I get calls from people who bought something (maybe a car from a ‘buy here – pay here’ lot) and they want to know if they can take it back because they are still within the first 3 days. They always start the conversation with “‘There is a 3 day right to rescission, right?’
Well, maybe right. But most often, WRONG.
First of all, a rescission is a way of voiding the contract. It means that things would go back to the prior status as if the contract never happened. Another way to think of this is that you are cancelling the contract.
There is a 3 day right to rescission when you refinance your home mortgage. Of course, that also means that the funds are not released until the end of that 3 day period either.
You can also rescind the ‘refund anticipation’ loan from your tax preparer within one day. Of course, you must either return the check uncashed or give the same amount in cash to payback the loan in full.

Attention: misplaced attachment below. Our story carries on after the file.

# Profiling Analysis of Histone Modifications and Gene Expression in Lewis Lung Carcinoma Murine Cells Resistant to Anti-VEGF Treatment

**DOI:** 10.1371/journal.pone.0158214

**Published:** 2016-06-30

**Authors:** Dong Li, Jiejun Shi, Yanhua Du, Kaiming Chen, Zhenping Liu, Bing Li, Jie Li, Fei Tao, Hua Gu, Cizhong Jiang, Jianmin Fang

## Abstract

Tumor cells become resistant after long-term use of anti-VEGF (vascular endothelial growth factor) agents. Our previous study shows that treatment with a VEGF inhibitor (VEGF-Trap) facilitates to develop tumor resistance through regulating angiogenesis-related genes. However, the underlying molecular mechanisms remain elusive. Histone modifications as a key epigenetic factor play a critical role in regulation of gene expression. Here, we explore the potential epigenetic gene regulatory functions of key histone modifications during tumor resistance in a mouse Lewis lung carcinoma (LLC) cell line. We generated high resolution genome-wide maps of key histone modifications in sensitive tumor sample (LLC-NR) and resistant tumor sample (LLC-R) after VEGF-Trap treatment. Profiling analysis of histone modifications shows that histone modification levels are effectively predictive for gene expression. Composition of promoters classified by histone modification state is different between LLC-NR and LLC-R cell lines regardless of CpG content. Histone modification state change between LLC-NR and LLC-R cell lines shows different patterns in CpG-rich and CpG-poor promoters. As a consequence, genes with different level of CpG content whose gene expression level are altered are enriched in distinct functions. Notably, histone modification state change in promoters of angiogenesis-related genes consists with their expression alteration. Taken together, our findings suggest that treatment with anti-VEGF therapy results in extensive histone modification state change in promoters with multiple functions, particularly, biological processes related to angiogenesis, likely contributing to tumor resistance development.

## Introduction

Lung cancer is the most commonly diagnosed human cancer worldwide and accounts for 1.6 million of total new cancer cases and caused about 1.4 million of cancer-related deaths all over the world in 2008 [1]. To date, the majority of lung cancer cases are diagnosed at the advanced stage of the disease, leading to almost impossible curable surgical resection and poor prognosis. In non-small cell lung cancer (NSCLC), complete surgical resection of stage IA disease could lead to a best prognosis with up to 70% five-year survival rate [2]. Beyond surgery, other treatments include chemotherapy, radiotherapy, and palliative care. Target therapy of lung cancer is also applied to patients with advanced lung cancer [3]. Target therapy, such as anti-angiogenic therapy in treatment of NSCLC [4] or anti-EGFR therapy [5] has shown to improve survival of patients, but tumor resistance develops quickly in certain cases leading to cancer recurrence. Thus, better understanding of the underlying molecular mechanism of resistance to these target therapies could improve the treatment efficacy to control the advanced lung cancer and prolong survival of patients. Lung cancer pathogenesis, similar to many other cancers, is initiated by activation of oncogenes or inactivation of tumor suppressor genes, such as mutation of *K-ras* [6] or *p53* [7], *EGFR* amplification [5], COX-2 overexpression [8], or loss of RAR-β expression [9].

There are also some other types of right to rescission, but they are not really common in everyday life.
The big point is that when there is a right to rescission, it will be written into the contract. That is only one of the reasons that it is very important for people to read contracts before signing. You really need to know what is in that agreement! Most of the time there will be a notice of a “Right to Cancel”, or “Cancellation”, or “Right to Rescind”. As with other parts of the contract, if you don’t understand what something means, don’t sign the contract until it has been explained to you so that you do understand.
If you are talking to a salesperson and he says that you have a right to take the car back at no cost to you, ask him where that is written in the contract, just so you can read it yourself to be sure. Or, you can just make it a point to wait a few days before you make any big purchase so you have time to consider whether you really want the item.
If you have any questions about this or any other legal subject, please feel free to give us a call at 757-234-4650 or visit our website at http://www.BeaversLaw.com.